Development and validation of a prognostic index to predict pulmonary metastasis of giant cell tumor of bone
1Musculoskeletal Oncology Center, The First Affiliated Hospital of Sun Yat-Sen University, Guangzhou, China
2Department of Anesthesiology, State Key Laboratory of Oncology in South China, Sun Yat-Sen University Cancer Center, Guangzhou, China
*These authors have contributed equally to this work
Jingnan Shen, email: email@example.com
Lili Wen, email: firstname.lastname@example.org
Keywords: giant cell tumor; pulmonary metastasis; risk factor; nomogram; predictive model
Received: July 26, 2017 Accepted: August 29, 2017 Published: November 08, 2017
Purpose: Giant cell tumor of bone (GCTB) is an intermittent tumor with a low probability of pulmonary metastasis. Our aim was to investigate the risk factors and establish a nomogram predictive model for GCTB pulmonary metastasis.
Methods: We retrospectively evaluated GCTB patients at our center from 1991 to 2014. The cohort was randomized into training and validation sets. Univariate and multivariate analyses were used to evaluate the risk factors of pulmonary metastasis. A nomogram was established. Internal validation was achieved based on ROC curve and C-index values in the validation set. Decision curve analysis was performed to assess the clinical performance of the nomogram.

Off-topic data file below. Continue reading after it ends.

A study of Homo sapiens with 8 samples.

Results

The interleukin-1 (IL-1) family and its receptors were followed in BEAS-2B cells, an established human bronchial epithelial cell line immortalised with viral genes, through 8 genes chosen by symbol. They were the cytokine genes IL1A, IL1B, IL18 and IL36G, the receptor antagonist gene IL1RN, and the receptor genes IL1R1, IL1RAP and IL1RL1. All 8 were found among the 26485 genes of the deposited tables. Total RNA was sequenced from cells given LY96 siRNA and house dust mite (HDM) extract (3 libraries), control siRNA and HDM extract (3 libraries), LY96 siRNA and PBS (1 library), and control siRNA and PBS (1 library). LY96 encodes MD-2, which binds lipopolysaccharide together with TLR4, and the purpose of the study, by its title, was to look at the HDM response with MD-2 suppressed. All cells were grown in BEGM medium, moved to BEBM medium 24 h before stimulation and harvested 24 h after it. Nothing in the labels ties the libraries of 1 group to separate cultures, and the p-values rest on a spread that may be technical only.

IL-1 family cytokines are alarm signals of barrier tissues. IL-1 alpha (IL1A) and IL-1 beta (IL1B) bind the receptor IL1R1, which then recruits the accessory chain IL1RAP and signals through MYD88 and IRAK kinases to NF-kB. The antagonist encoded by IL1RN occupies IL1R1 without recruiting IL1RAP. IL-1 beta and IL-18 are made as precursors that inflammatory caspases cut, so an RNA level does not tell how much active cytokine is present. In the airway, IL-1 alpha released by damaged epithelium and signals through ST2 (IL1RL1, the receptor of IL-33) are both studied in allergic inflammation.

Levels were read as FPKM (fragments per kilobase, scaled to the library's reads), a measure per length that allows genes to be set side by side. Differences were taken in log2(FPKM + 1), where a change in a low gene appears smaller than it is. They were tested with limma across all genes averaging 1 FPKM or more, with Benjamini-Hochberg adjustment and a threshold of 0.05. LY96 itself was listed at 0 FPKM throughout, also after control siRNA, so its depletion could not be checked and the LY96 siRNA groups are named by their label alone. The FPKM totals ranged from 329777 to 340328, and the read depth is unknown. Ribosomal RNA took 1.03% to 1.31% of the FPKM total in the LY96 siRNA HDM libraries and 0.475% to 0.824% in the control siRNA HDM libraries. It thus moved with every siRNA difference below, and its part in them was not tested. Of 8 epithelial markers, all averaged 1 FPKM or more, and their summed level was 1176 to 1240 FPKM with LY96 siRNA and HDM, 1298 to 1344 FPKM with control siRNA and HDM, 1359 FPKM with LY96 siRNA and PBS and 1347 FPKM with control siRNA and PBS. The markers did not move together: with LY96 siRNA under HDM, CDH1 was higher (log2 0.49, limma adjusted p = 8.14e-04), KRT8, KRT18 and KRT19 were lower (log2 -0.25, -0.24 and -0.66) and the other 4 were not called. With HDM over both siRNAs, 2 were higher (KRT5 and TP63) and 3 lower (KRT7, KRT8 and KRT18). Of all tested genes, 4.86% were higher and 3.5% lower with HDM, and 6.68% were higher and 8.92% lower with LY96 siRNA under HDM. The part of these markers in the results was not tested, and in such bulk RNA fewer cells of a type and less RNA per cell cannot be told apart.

Results: 417 patients were studied, including benign and malignant GCTBs. The average follow up was 79 months. Pulmonary metastases were observed in 27 cases. Four independent risk factors were identified: malignancy, tumor bearing time, times of recurrence and tumor size. A nomogram was developed to predict pulmonary metastasis with C-index values of 0.857 and 0.785 in the training and validation groups. In the decision curve analysis, patients could benefit from the nomogram, which differentiates patients at high risk for pulmonary metastasis and avoids unnecessary examination. According to the nomogram, patients with final risks of more than 0.06 should be scheduled for further chest scans.
Conclusion: Malignancy, tumor bearing time, times of recurrence and tumor size were independent risk factors for pulmonary metastasis in GCTB patients. The nomogram can accurately predict the risk of pulmonary metastasis and help doctors to make clinical decisions for further chest examinations.